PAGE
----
The National Physical Laboratory (NPL) discovered that bending tungsten diselenide, instead of stretching it, induces localized emission in semiconductor 2D materials, offering new opportunities for quantum technologies; findings were published in Science and Technology of Advanced Materials.
Credit: Science and Technology of Advanced Materials (2023). DOI: 10.1080/14686996.2023.2278443
Semiconductor 2D materials are a few atoms thick, and some of them exhibit localized emission, which occurs when light is emitted from a tiny portion of the layer, producing just one photon at a time. This localized emission has distinct features and is critical to emerging quantum technologies, particularly in optoelectronic and quantum device applications.
Stretching a 2D material called tungsten diselenide has been demonstrated in research to result in localized emission; hence, various efforts have been made to build nanostructures with the highest strain in the layer. However, improved studies at the National Physical Laboratory (NPL) show that bending the material could have an equivalent impact.
Scientists at NPL suggest that a better approach to engineering the qualities is to use the curvature of the 2D material, which is caused by creases in the 2D layer, in a recently published study.
Although the effects of bending and stretching are not always easily distinguished, their results demonstrate that this alternative paradigm offers a possible path toward room-temperature quantum light sources by combining sophisticated measurement techniques.
Since curvature is considerably easier to construct than stretching strain, this finding could accelerate the development of affordable quantum technology.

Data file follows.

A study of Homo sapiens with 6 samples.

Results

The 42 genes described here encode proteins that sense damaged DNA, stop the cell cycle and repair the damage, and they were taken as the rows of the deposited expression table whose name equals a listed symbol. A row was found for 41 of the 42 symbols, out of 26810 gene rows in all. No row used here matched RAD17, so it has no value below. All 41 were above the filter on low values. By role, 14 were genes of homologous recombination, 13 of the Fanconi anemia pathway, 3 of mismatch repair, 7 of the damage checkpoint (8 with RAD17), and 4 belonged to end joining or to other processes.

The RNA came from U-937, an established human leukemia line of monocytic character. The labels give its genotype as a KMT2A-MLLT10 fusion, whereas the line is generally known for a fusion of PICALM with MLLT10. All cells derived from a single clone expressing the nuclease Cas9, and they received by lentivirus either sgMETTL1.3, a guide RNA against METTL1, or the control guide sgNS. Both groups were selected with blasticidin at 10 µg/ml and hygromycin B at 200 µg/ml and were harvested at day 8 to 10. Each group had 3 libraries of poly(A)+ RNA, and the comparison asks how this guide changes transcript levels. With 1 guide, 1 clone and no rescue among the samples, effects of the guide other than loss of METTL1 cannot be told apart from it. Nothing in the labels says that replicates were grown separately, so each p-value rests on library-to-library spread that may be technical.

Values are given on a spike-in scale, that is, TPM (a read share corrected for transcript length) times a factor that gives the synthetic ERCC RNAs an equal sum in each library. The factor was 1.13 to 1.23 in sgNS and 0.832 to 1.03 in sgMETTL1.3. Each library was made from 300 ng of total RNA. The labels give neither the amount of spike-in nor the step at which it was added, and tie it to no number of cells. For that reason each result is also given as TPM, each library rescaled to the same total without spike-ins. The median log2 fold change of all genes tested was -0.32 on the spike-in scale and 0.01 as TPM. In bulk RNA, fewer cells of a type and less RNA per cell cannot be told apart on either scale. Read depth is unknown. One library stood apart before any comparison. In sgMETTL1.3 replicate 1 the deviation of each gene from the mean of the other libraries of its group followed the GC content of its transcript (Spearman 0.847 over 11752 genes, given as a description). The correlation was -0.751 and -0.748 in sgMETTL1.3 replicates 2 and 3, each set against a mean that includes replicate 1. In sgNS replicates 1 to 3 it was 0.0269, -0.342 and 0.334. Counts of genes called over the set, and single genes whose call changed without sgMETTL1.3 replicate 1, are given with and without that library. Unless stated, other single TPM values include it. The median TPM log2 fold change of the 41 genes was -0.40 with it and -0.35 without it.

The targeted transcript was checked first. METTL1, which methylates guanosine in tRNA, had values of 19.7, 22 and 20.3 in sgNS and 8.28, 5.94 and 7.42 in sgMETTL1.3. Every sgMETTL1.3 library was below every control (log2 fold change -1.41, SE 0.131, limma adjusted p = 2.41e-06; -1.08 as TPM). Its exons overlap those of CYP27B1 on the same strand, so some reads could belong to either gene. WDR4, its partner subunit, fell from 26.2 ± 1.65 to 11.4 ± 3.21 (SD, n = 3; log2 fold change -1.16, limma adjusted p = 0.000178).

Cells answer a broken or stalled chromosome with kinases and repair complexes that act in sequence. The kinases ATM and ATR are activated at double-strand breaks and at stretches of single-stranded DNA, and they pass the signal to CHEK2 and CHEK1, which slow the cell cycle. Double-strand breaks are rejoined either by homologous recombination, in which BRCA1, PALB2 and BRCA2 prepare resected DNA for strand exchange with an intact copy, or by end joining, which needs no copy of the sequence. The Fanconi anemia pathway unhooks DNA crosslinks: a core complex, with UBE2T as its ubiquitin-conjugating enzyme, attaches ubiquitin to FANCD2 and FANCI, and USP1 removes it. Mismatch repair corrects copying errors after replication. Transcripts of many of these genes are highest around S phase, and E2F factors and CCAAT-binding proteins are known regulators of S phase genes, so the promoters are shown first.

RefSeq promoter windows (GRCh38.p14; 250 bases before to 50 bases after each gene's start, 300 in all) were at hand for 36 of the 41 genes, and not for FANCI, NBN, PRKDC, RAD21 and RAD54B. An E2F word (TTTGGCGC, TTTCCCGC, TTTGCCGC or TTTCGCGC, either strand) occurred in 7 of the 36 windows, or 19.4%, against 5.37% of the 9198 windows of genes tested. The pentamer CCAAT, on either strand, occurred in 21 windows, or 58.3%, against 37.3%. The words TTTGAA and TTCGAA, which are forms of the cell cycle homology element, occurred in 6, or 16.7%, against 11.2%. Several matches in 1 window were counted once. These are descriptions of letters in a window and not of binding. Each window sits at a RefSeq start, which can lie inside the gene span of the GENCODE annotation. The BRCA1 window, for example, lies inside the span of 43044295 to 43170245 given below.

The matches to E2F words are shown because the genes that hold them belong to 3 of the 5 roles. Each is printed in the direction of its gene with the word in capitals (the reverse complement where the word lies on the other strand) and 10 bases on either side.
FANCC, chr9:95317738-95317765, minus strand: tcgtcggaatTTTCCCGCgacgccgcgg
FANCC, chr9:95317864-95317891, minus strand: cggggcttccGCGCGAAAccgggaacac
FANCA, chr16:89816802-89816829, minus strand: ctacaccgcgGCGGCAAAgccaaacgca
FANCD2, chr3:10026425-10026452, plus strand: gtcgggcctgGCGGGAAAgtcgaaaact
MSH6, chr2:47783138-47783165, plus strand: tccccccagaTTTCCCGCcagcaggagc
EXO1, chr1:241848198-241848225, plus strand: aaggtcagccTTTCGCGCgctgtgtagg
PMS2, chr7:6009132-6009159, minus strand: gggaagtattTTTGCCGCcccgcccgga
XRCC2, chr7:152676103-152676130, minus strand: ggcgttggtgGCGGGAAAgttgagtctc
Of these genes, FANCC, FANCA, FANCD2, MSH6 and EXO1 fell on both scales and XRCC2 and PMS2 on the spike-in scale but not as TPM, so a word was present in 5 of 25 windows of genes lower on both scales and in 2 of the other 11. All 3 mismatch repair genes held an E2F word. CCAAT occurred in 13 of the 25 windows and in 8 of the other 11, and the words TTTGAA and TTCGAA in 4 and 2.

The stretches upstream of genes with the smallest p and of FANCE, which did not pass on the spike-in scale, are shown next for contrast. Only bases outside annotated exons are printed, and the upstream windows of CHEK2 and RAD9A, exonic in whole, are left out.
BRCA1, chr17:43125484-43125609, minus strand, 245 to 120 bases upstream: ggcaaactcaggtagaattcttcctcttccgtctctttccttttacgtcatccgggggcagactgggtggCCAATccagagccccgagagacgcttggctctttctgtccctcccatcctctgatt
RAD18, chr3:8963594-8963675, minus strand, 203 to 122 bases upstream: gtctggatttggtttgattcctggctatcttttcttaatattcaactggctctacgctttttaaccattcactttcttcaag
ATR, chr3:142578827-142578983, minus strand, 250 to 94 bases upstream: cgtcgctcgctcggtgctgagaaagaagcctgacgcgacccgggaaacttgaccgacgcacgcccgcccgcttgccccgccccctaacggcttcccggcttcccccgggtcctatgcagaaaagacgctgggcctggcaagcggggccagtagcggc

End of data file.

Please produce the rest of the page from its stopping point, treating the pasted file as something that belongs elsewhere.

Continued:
NPL is presently doing quantum chemical modeling and further experimental work in collaboration with labs in the UK and Brazil to evaluate the suggested paradigm and advance the theoretical understanding of how geometric curvature causes localized emission in monolayer tungsten diselenide.
This work is a great example of how bringing together teams with expertise in different areas of materials and measurement science has resulted in a new way of understanding localized emission in advanced 2D materials semiconductors, opening new opportunities for optoelectronics and quantum applications.
Fernando Castro, Professor and Head, Department of Science, National Physical Laboratory
Sebastian Wood, Tom Vincent, Vivian Tong, Alessandro Catanzaro, Yameng Cao, and Olga Kazakova are the members of NPL’s science team working on this study.
Wood, S., et. al. (2024) Curvature-enhanced localised emission from dark states in wrinkled monolayer WSe2 at room temperature. Science and Technology of Advanced Materials. doi:10.1080/14686996.2023.2278443.